Borrowed from Middle French investir or Medieval Latin investire, from Latin investio (“to clothe, cover”), from in- (“in, on”) + vestio (“to clothe, dress”), from vestis (“clothing”); see vest. The sense “to spend money etc.” probably via Italian investire, of the same root.
invest (third-person singular simple present invests, present participle investing, simple past and past participle invested)
- To spend money, time, or energy on something, especially for some benefit or purpose; used with in.
- We'd like to thank all the contributors who have invested countless hours into this event.
- (transitive, dated) To clothe or wrap (with garments).
- 1851, Melville, Herman, Moby-Dick:
- He was but shabbily apparelled in faded jacket and patched trowsers; a rag of a black handkerchief investing his neck.
- (intransitive, obsolete) To put on (clothing).
- 1596, Spenser, Edmund, The Faerie Queene, book 4, canto 5, verse 18:
- Cannot find one this girdle to invest!
- To envelop, wrap, cover.
- 1667, Milton, John, Paradise Lost, Book 1, ll. 207-8:
- Night / Invests the Sea, and wished Morn delayes
- To commit money or capital in the hope of financial gain.
- To ceremonially install someone in some office.
- To formally give (someone) some power or authority.
- c. 1587–1588, [Christopher Marlowe], Tamburlaine the Great. […] The First Part […], part 1, 2nd edition, London: […] [R. Robinson for] Richard Iones, […], published 1592, →OCLC; reprinted as Tamburlaine the Great (A Scolar Press Facsimile), Menston, Yorkshire; London: Scolar Press, 1973, →ISBN, Act I, scene ii:
- Madam, whatſoeuer you eſteeme
Of this ſucceſſe, and loſſe vnualued,
Both may inueſt you Empreſſe of the Eaſt: […]
- c. 1603–06, Shakespeare, William, King Lear, act 1, scene 1:
- I do invest you jointly with my power.
- To formally give (power or authority).
- a. 1626, Bacon, Francis, An Advertisement Touching a Holy War:
- For he saith, if there can be found such an inequality between man and man, as there is between man and beast, or between soul and body, it investeth a right of government: which seemeth rather an impossible case than an untrue sentence.
- To surround, accompany, or attend.
- 1850, Hawthorne, Nathaniel, The Scarlet Letter:
- The scene was not without a mixture of awe such as must always invest the spectacle of the guilt and shame in a fellow-creature, before society shall have grown corrupt enough to smile, instead of shuddering, at it.
- 1851 November 14, Herman Melville, chapter 35, in Moby-Dick; or, The Whale, 1st American edition, New York, N.Y.: Harper & Brothers; London: Richard Bentley, →OCLC, page 171:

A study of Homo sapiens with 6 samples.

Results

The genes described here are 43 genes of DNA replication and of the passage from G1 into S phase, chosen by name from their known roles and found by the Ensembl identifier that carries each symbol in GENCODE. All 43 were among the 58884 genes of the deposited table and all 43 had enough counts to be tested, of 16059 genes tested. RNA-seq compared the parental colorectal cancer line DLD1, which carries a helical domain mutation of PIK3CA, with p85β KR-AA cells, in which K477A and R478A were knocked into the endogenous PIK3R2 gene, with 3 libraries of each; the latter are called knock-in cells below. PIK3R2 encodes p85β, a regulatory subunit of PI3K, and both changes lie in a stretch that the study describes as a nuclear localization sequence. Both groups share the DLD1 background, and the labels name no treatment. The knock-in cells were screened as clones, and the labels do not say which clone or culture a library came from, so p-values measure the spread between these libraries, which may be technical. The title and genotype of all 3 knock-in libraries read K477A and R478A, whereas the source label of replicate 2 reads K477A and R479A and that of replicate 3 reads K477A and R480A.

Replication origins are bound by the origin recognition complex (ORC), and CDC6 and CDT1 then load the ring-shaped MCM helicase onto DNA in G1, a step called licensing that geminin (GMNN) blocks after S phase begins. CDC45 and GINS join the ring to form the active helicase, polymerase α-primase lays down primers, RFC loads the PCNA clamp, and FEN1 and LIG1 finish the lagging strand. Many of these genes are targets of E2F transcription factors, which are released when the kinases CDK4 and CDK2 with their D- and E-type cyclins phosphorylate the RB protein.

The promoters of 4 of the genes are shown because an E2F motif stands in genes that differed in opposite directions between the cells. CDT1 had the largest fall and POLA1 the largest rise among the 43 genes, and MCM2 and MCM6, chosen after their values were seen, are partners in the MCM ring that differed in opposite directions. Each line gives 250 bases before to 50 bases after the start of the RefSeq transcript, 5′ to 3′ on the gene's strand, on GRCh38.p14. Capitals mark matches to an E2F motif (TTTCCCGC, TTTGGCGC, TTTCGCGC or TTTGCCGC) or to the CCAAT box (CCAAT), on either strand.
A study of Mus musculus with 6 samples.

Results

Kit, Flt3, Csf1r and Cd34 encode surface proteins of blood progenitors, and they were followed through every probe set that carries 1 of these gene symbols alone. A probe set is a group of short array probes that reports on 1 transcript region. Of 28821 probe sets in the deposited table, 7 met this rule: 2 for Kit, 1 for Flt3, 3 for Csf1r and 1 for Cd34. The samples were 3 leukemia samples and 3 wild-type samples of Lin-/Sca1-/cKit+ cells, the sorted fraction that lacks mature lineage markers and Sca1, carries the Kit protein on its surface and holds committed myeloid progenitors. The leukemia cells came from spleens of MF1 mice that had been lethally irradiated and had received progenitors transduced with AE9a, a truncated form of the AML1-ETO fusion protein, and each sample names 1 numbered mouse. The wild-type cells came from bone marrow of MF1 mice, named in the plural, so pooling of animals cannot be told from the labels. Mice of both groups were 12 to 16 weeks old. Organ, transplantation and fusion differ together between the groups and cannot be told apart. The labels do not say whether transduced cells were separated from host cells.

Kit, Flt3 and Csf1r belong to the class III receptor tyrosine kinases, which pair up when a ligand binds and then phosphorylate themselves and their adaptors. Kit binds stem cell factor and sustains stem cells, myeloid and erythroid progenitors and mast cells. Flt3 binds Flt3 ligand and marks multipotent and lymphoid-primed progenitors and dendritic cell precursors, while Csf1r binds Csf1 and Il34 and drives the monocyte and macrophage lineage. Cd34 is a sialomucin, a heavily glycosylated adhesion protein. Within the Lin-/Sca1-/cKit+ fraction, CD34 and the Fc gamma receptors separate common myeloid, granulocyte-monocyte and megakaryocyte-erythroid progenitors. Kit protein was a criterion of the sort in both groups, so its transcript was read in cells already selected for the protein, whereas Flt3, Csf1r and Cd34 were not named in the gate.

- For the most part, in this tropic whaling life, a sublime uneventfulness invests you; you hear no news; read no gazettes; extras with startling accounts of commonplaces never delude you into unnecessary excitements; you hear of no domestic afflictions; bankrupt securities; fall of stocks; are never troubled with the thought of what you shall have for dinner—for all your meals for three years and more are snugly stowed in casks, and your bill of fare is immutable.
- To lay siege to.
- 1820, [Charles Robert Maturin], Melmoth the Wanderer: A Tale. […], volume IV, Edinburgh: […] Archibald Constable and Company, and Hurst, Robinson, and Co., […], →OCLC, page 216:
- When she related that a band of fanatics, after robbing a church of all its silver-plate, and burning the adjacent vicarage, drunk with their success, had invested the Castle, and cried aloud for ‘the man’ to be brought unto them, that he might be hewed to pieces before the Lord in Gilgal—[…]her young hearers felt a deep stirring of the heart,—a proud yet mellowed elation that never yet was felt by the reader of a written history, though its pages were as legitimate as any sanctioned by the royal licenser at Madrid.
- to invest a town
- (intransitive) To make investments.
- (metallurgy) To prepare for lost wax casting by creating an investment mold (a mixture of a silica sand and plaster).
- (intransitive) To be involved in; to form strong attachments to.
- (put on clothing): beclothe, don, dress; see also Thesaurus:clothe
- (lay siege to): besiege
terms derived from invest (verb)
to clothe or wrap with garments — see clothe
to envelop, wrap, cover
to commit resources in the hope of financial gain
to spend money, time, and effort into something
to ceremonially install into office
to formally give power
to lay siege to
to make investments
to create an investment mold
to be involved in; to form strong attachments to
From investigate, by shortening.
invest (plural invests)
- (meteorology) An unnamed tropical weather pattern "to investigate" for development into a significant (named) system.
- ^ Douglas Harper (2001–2023), “invest”, in Online Etymology Dictionary.